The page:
Retiree looking for durians dies after being stung by wasps
He had gone into forested area near Hillview MRT station to look for fruits
He had been picking fruits from forested areas in Singapore for years, but Mr Quek Lye Seng's most recent forage cost him his life after he was stung multiple times by flying insects.
On Friday at about 2.45pm, the retiree cycled to Hillview MRT station, as per his usual routine.
There, he parked his bicycle and walked into the nearby forested area to look for durians or rambutans to take home.
While busy doing so, according to his family, Mr Quek was believed to have accidentally disturbed a nest of wasps.
Chased and stung multiple times by the angry insects, the 66-year-old reportedly started struggling to breathe and felt dizzy.
He managed to stumble to the nearby MRT station, where he called for help from passers-by.
Someone called for an ambulance, which rushed him to Ng Teng Fong General Hospital.
According to Mr Quek's son, the retiree was conscious when the ambulance arrived to take him to hospital.
Unfortunately, Mr Quek died later in hospital the same day.
He is survived by two sons.
One of his sons, who declined to be named, told The New Paper at his father's wake in Bukit Batok Street 25 yesterday that he saw his father in hospital but did not get a chance to speak to him as he was hooked up to life support machines.
He said that most of the information he gathered had come from the ambulance log.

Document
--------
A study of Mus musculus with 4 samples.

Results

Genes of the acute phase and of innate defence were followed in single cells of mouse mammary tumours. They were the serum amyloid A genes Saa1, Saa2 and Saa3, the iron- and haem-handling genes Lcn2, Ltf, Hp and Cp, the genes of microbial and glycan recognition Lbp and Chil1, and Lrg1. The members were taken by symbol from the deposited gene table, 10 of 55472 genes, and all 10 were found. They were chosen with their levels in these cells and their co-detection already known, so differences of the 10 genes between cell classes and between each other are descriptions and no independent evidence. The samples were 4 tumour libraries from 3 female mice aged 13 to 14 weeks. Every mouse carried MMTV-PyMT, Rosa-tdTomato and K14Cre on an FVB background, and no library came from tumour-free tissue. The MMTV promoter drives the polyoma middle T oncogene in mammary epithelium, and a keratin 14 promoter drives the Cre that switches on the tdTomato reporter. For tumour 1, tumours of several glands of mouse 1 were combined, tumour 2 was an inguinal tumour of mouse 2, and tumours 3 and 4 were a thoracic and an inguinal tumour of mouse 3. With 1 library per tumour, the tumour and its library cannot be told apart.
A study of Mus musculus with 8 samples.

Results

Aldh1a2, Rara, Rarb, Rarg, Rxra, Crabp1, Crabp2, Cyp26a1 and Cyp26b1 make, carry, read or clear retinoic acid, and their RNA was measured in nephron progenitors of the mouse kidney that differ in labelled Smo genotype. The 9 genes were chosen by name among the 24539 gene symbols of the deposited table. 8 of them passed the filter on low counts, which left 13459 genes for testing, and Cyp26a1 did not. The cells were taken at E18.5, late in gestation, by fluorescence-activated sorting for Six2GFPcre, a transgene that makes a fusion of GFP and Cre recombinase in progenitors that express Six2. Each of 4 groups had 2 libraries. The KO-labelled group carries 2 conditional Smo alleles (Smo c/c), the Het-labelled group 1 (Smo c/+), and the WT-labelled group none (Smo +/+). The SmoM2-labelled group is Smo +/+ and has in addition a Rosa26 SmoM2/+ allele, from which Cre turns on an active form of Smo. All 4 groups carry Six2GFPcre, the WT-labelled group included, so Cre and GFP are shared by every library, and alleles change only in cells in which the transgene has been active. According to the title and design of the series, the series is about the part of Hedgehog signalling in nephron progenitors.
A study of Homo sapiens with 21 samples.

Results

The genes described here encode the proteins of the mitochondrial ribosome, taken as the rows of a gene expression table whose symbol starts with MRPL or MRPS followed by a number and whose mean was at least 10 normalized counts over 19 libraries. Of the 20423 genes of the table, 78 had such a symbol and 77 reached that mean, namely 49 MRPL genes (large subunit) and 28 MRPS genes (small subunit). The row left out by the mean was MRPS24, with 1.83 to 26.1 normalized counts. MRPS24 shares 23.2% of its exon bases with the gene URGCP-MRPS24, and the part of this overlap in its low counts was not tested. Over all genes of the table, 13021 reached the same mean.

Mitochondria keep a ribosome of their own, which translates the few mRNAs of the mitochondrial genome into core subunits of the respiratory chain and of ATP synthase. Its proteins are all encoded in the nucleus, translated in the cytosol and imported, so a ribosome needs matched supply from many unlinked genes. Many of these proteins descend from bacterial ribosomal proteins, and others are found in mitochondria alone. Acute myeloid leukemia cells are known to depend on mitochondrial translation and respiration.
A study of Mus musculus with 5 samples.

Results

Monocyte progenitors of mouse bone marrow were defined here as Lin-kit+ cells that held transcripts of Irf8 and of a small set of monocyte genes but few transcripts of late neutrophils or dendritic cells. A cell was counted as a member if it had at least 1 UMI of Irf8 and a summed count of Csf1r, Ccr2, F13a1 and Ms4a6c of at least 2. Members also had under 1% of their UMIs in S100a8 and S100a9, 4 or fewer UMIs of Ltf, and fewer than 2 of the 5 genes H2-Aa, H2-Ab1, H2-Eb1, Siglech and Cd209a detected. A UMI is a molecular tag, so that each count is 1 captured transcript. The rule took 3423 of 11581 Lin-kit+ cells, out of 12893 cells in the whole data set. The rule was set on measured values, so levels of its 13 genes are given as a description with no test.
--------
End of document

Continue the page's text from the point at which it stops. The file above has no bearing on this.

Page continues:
"(My father) told them that wasps chased him," he told TNP.
He added that his father had grown up in a kampung and had been looking for fruits in forested areas since he was a child. He had never been injured in his forays.
He told TNP that his father went to the forested areas four or five times a week during the peak season for fruits.
According to Chinese language daily Lianhe Wanbao, Mr Quek sustained at least 30 stings on his face and head alone, and many more on his body.
His son told TNP that doctors said his father suffered an anaphylactic reaction, which is a severe allergy reaction that can cause difficulty in breathing and low blood pressure.
Dr Adrian Loo, group director, Conservation, NParks, said that NParks is aware of the incident.
He added: "Bee and wasp hives are found in trees, or on the ground in forested areas.
"They are part of the natural forest ecosystem, acting as pollinators. Depending on their species, they may sting if disturbed.
"NParks officers patrol designated trails regularly and will remove hives that may pose a risk to public safety.
"However, hives do occur deeper into the forest, away from designated trails and publicly accessible areas."